St. Aloysius-St. Agatha in Cleveland is ready to welcome parishioners back
Updated: May. 16, 2021 at 2:13 PM EDT

The reinstatement will take effect in each diocese in Ohio the weekend of June 5-6.

However, those who are ill, have significant health risk factors, care for someone who is immuno-compromised or ill, or have continued fear or anxiety of contracting coronavirus in large groups are exempt as they always have even prior to the pandemic.

The Bishops of Ohio still encourage those who are exempt from going to church to observe Sunday with an online mass broadcast and prayer.

The online masses are not intended to be a substitute nor do they fulfill the obligation of going to mass for those who are able to gather for Sunday celebrations and other Holy Days of Obligation, according to the Bishops of Ohio.

The Bishops of Ohio shared the following statement regarding the reinstatement:

The book of Exodus reminds us to keep holy the Sabbath day (Exodus 20: 8-10). As Catholics, we are invited by God to gather together in community, and participate fully in the Sunday Eucharist, which is the “source and summit of the Christian life.” “Participation in the communal celebration of the Sunday Eucharist is a testimony of belonging and of being faithful to Christ and to his Church. The faithful give witness by this to their communion in faith and charity. Together they testify to God’s holiness and their hope of salvation. They strengthen one another under the guidance of the Holy Spirit” (Catechism of the Catholic Church, 2182).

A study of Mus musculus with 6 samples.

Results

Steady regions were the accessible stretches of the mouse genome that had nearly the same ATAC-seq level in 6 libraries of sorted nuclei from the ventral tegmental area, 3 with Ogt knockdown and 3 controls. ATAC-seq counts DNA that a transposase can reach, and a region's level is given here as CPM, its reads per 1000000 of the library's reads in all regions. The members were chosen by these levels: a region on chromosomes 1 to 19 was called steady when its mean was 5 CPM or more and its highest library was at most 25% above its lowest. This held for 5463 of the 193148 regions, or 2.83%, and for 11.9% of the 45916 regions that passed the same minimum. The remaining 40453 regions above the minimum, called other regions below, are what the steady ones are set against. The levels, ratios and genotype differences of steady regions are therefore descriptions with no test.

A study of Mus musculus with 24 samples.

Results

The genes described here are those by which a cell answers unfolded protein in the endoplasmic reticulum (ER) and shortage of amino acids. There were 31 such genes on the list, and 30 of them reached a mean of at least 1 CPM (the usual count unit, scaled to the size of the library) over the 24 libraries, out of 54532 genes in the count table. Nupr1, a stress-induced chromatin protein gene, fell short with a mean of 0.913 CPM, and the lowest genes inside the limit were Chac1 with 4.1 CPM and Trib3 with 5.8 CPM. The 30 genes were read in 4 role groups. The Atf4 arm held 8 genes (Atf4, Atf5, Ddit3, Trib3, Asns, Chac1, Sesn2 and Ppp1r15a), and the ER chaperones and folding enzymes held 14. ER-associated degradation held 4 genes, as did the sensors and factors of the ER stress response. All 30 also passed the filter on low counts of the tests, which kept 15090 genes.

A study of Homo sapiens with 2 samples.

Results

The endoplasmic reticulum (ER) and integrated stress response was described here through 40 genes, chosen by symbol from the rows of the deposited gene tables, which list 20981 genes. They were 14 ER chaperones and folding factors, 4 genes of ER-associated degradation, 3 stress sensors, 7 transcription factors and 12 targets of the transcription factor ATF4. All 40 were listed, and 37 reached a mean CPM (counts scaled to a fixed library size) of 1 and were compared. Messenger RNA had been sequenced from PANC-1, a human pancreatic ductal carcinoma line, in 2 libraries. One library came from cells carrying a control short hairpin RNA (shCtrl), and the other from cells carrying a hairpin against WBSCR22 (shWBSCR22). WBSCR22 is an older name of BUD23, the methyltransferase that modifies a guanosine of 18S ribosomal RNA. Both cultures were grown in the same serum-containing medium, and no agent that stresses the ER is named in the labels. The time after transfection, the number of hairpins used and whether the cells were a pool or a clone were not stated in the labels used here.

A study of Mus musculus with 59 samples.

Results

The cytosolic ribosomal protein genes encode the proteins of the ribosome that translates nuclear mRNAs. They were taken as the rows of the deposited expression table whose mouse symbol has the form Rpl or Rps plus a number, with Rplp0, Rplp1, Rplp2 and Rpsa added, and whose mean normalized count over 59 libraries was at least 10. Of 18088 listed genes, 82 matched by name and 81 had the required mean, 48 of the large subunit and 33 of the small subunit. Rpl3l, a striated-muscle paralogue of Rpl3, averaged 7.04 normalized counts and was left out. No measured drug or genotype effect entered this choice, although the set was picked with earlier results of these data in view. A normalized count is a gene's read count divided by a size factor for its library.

The obligation to attend Mass on Sunday and Holy Days is not something God asks of us out of his own necessity to be worshipped, but rather a gift to the faithful for their spiritual well-being, eternal salvation and formation in our relationship with God and one another. To that end, Saint John Vianney rightly asserts, “There is nothing so great as the Eucharist. If God had something more precious, He would have given it to us.” The Eucharist is the greatest gift Christ left to the Church—the gift of Himself. There is no substitute for Mass celebrated in person.

We are profoundly grateful to our pastors and all of the faithful for their flexibility, fidelity and great generosity in support of the mission of the Church throughout this unprecedented time. As we prepare for the reinstatement of the obligation to attend Mass, we are excited once again to gather together in person without restrictions in our parish churches, most fittingly on the Solemnity of the Most Holy Body and Blood of Christ. As we reflect on our Lord’s goodness and mercy in the midst of the sacrifices made during the coronavirus pandemic, we ask Saint Joseph to intercede for us, that through his fatherly protection and care, we may experience a renewal of faith in the real presence of Christ in the Eucharist.

We welcome you back with great joy and eagerness!

Click here to read the full announcement.